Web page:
Author(s) / Creator(s):
 ;  ;  ;  ;  ;  ;  ;  
Publisher / Repository:
Date Published:
Journal Name:
New Phytologist
Page Range / eLocation ID:
p. 923-937
Medium: X
Sponsoring Org:
National Science Foundation

    Plant lateral organ development is a complex process involving both transcriptional activation and repression mechanisms. TheWOXtranscriptional repressorWOX1/STF, theLEUNIG(LUG) transcriptional corepressor and theANGUSTIFOLIA3 (AN3) transcriptional coactivator play important roles in leaf blade outgrowth and flower development, but how these factors coordinate their activities remains unclear. Here we report physical and genetic interactions among these key regulators of leaf and flower development.

    We developed a novelin plantatranscriptional activation/repression assay and suggest thatLUGcould function as a transcriptional coactivator during leaf blade development.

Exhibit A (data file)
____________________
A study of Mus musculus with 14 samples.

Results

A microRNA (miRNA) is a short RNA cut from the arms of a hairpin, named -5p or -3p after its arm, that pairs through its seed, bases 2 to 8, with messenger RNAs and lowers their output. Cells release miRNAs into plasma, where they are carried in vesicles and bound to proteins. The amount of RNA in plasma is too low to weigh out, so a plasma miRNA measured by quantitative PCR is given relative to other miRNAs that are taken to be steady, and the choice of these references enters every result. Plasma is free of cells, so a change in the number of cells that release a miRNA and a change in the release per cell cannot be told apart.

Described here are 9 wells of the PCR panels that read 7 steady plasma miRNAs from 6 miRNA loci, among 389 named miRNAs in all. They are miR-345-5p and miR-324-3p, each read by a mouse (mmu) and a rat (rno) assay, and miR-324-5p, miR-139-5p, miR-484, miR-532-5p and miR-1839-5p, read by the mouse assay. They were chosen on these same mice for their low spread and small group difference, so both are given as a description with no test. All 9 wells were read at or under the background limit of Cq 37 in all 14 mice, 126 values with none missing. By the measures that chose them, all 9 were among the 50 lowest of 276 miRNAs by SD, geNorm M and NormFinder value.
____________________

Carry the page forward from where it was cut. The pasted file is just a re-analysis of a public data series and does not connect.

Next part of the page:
MtLUGphysically interacts with MtAN3, and this interaction appears to be required for leaf and flower development. A single amino acid substitution at position 61 in theSNHdomain of MtAN3 protein abolishes its interaction with MtLUG, and its transactivation activity and biological function. Mutations inlugandan3enhanced each other's mutant phenotypes. Both thelugand thean3mutations enhanced thewox1 prsleaf and flower phenotypes inArabidopsis.

    Our findings together suggest that transcriptional repression and activation mediated by theWOX,LUGandAN3 regulators function in concert to promote leaf and flower development, providing novel mechanistic insights into the complex regulation of plant lateral organ development.